Wartime Bosnian Serb leader Radovan Karadzic is requesting that the U.N. Security Council pass a resolution exempting him from trial at the U.N.’s Yugoslav war crimes tribunal, insisting he was promised immunity by an American envoy.
In a letter to the president of the U.N. Security Council, made available to The Associated Press on Saturday, Karadzic reiterated his claim that U.S. envoy Richard Holbrooke cut a deal in 1996 with him to leave politics in exchange for immunity from prosecution by the Netherlands-based court.
Mr. Holbrooke, now a State Department special envoy, has repeatedly denied cutting such a deal with Karadzic, and tribunal judges said that even if it was true, it would not bind them.
The tribunal’s appeals panel this week rejected Karadzic’s claims and the court’s judges set the start of the trial for October 26.
Karadzic faces 11 charges including two counts of genocide for allegedly masterminding Serb atrocities throughout the 1992-95 Bosnian war, including relentless shelling of Sarajevo, the Bosnian capital, and the slaughter of some 8,000 Bosnian Muslim men and boys in Srebrenica — the worst carnage in Europe since World War II.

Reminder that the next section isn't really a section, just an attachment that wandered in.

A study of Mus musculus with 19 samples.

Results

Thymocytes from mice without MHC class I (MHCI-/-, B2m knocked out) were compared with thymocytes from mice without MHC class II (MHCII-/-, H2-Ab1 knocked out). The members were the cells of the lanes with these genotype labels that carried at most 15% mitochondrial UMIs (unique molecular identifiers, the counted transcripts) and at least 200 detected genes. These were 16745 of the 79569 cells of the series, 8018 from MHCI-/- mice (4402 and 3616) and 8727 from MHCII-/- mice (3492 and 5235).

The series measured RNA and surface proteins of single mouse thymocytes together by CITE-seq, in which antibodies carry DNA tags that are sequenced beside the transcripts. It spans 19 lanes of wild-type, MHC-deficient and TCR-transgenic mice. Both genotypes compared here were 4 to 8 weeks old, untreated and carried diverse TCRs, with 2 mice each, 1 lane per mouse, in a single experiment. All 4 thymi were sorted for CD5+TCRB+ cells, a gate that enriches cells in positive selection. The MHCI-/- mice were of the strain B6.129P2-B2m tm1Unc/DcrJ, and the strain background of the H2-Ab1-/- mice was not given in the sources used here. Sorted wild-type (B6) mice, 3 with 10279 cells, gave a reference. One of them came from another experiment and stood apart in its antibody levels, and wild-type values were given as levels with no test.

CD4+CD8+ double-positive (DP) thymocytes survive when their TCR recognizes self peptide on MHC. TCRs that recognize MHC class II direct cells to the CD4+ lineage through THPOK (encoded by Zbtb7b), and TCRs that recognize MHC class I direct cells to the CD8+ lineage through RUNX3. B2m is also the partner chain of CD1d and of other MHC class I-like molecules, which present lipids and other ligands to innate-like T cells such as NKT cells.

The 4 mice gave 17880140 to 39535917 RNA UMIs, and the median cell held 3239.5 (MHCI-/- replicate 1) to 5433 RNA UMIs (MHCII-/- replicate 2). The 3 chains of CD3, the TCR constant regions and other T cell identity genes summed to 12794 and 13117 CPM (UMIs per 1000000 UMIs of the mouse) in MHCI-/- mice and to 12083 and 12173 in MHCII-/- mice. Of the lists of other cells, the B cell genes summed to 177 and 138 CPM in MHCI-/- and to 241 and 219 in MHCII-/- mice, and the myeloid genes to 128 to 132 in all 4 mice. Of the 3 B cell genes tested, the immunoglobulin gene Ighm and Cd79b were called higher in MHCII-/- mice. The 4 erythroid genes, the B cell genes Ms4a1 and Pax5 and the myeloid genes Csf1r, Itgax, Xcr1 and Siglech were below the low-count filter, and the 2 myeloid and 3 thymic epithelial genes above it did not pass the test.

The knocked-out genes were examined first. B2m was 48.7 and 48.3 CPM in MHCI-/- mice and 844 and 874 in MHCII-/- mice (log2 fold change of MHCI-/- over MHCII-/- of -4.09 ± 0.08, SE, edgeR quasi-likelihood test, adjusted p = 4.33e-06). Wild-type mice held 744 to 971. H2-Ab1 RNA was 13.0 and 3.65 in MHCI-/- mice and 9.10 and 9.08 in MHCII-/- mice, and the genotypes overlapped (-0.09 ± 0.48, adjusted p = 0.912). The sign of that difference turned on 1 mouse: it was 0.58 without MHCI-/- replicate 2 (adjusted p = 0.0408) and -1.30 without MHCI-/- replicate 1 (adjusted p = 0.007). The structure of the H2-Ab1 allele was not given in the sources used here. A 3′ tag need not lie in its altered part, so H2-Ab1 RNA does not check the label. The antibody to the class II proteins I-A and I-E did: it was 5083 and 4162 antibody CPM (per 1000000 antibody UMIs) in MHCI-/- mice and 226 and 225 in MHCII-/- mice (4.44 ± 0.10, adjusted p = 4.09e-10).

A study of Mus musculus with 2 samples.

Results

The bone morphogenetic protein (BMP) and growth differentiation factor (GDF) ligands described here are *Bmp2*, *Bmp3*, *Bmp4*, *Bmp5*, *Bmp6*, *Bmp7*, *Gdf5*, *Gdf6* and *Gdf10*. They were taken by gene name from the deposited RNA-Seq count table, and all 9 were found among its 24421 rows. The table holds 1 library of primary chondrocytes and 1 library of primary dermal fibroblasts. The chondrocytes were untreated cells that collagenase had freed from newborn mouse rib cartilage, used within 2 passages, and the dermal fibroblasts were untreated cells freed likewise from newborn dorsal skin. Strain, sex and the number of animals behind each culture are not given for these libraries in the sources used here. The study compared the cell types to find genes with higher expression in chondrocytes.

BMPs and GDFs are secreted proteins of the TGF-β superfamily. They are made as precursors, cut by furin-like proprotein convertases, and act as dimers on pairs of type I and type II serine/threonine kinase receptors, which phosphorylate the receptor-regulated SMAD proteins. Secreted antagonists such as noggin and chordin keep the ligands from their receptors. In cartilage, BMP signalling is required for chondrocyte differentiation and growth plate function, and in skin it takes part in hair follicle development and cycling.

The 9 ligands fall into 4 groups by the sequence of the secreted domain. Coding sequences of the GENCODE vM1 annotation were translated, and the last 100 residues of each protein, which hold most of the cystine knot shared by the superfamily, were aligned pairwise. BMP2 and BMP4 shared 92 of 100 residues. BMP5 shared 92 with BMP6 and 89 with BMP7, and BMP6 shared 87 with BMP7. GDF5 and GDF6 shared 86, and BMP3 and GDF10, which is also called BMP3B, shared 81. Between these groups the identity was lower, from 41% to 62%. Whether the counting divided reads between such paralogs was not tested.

In the Friday letter, Karadzic insisted he made the deal with Mr. Holbrooke who, he said, acted in the name of the U.N. and the international community.
“On 12 October 2009, the Appeals Chamber of (The Hague) tribunal ruled that the agreement with Mr. Holbrooke was not effective without a resolution from the Security Council,” Karadzic said in the letter. “Therefore, I would appreciate that you would enact such a resolution.”
Karadzic was arrested in July 2008 in Belgrade, disguised behind a bushy beard and thick glasses and was posing as a New Age healer. He claimed that Mr. Holbrooke had in 1996 briefed the Security Council about the deal and that the U.N. body has records of the agreement.
“I kept my part of the agreement, dutifully resigned my position, and withdrew from public life,” Karadzic wrote. “Initially the agreement was honoured by the international community. I moved about Bosnia freely despite the presence of (international peacekeeping) troops in the country.”
“However, after my arrest in 2008, the (U.N. tribunal) has refused to honour the agreement I made with Mr. Holbrooke,” Karadzic said.